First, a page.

Cash-strapped Britain needs ‘Cost of Living Minister’ say backbench Tories

Inflation is expected to hit 10.25% by the end of the year and a further increase in gas and electricity bills is expected in October. Former Brexit minister David Jones said Boris Johnson should consider appointing a minister with a mandate to work across departments as a “champion of the ordinary citizens of this country”. He said:  “Just as the Prime Minister appointed a dedicated vaccination minister to coordinate the response to Covid – another crisis of global proportions – so he should consider appointing a dedicated minister to coordinate the response to the surge in prices.”

Last week former Work and Pensions Secretary Stephen Crabb and education committee chairman Robert Halfon also made the case for a dedicated minister.

The proposal has been backed by Dennis Reed of Silver Voices, which champions the interests of the over-60s.

He said: “It’s a very good idea because it would focus the attention of the UK on the problems that we are currently facing. The cost of living crisis needs to be treated with the same sense of importance as the pandemic because of its impact on virtually everybody apart from the very wealthy.”

Strong support came from Lord Alton of Liverpool.

He said: “A cost of living minister could play a hugely important part in combatting the horrendous challenges now facing millions of Britons in their everyday lives.”

He warned that surging food and energy prices had left “many households in dire straits,” adding: “A minister with a cross cutting brief concentrating minds in all Government departments on the impact of their policies on the cost of living would be a step in the right direction and make it a top priority across Government.”

Lord Woolley, the founding director of Operation Black Vote, said: “A cost of living minister is exactly what the nation needs right now, as Government struggles to fully understand the often impossible lived experiences that too many families and individuals are facing in this present fuel crisis.”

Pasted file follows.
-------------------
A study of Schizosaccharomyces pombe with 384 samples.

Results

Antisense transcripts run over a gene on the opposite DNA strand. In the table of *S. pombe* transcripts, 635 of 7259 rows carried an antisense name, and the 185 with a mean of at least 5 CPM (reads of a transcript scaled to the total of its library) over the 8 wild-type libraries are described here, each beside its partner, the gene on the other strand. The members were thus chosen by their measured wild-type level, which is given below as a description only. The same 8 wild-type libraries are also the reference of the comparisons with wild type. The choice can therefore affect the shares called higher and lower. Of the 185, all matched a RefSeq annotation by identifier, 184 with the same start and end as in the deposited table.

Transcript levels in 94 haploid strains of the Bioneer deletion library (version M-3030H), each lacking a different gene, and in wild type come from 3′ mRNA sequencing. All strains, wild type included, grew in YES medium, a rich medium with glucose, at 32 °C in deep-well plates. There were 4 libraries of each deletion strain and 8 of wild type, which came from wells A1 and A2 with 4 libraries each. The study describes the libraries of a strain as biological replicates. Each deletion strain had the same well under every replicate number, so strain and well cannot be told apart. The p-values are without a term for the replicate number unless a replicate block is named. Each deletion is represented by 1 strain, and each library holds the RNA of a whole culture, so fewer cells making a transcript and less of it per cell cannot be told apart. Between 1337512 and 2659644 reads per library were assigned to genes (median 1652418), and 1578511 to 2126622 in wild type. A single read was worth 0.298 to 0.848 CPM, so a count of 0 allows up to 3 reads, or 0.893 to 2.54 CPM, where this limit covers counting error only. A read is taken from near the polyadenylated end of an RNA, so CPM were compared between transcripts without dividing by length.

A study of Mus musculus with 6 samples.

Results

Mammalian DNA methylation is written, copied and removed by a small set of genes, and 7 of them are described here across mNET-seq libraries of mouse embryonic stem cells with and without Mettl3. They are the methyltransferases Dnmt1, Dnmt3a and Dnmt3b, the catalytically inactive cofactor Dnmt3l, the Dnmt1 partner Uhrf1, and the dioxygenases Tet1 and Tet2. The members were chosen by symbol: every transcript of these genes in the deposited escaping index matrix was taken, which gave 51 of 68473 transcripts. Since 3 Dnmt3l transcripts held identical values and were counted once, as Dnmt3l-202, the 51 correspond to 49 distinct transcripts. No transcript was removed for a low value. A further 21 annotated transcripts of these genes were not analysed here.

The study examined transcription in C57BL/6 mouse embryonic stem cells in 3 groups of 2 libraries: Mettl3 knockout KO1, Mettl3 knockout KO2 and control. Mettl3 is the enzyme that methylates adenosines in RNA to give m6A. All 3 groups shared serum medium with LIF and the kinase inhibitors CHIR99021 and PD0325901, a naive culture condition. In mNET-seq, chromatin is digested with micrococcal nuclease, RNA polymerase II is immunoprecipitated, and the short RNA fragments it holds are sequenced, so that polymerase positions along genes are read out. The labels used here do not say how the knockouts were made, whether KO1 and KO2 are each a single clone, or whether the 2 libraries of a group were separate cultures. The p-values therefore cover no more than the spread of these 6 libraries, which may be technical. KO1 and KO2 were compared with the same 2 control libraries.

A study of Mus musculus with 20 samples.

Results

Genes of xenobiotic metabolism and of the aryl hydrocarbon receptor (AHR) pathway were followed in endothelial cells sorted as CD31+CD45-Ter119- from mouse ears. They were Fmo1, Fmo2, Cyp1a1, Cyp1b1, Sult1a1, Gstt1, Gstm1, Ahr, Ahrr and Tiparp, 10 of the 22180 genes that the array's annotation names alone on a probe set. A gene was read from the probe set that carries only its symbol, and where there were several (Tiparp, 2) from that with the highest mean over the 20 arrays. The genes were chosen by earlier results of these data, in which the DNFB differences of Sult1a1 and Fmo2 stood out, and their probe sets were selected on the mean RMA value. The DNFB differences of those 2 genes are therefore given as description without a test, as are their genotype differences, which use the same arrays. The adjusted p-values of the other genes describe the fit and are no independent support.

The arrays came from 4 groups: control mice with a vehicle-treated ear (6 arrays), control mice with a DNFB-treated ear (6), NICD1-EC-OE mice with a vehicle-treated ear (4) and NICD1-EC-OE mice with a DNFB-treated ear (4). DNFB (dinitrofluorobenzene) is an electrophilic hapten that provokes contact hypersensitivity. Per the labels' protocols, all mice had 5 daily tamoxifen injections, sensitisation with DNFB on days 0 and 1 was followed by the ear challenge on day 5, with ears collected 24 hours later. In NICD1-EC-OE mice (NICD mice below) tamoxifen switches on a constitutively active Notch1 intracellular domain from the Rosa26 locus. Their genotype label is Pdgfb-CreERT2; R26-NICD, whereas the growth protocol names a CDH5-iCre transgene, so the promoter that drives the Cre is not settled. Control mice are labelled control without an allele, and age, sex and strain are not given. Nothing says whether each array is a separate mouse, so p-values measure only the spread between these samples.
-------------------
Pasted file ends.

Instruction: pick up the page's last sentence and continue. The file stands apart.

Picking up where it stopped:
Morgan Vine of the charity Independent Age stressed that a cost of living minister would need the authority to challenge the Treasury.

She said: “A dedicated minister for cost-of-living could have the potential to drive forward measures that mean older people aren’t forced to skip meals or ration their gas and electricity. But to really make a difference the minister will need the political authority to challenge all departments including the Treasury to up their game, the ability to overcome financial and practical barriers to action, and the power to ensure that the voices of older people in poverty are heard.”

Lord Jones of Birmingham, a former director-general of the CBI, said the idea has “merit” but warned that “any perceived shortfall on delivery would be punished”.

He said: “Standing up to the energy companies, the banks and the major retailers and reaching out to the consumer is a much-needed brief but it must be outwith the Treasury and must be capable of producing results. Given the huge power of [the Treasury] the person chosen would have to have certain talents.”

Liz McKean of War on Want cautioned that a “dedicated minister, whilst a good start, is not a silver bullet” and called for action across Government to “tackle the shocking levels of structural poverty and inequality in this country”.

Gemma Hope of Leonard Cheshire, which helps disabled people lead independent lives, said: “A temporary dedicated minister with a responsibility for tackling this crisis is a good idea in principle – but only if this is backed by political will and the financial support to match. Currently this is lacking, and without it, a dedicated role would be nothing but virtue signalling.”

Sam Tims, an economist at the New Economics Foundation, warned that the “poorest 25 percent of households are over 10 percent worse off this year than last” with the average cost of living going up by £2,300 in a year.

While he said a new ministerial post “could help” he argued the Government has yet to “exhaust the policy solutions staring them in the face” and pushed for measures such as a windfall tax on the profits of energy companies. He also said that benefits should increase with inflation.

Former Labour leader Neil Kinnock did not support the appointment of a dedicated minister.

He said: “We have a cost of living crisis minister. His name is [Rishi] Sunak.

“He’s increased tax and National Insurance, failed to restrain energy bills [and] added to costs with the bureaucracy of Brexit.

“Having another Tory MP to confront him would be a gimmick, not a strategy.”

Richard Tice, the leader of Reform UK – the successor to the Brexit Party – also argued that the country did not need a new minister but a “proper, competent Chancellor”.

Matthew Patten of the Centre for Social Justice said there was only “one person in a position to take control of the cost-of-living crisis” and that was the Prime Minister.

He said: “He can use the power and flexibility of Universal Credit, one of the most advanced social security systems in the world, to get more financial assistance to the very poorest by making the system more responsive to rising energy prices while helping thousands into better paid work.”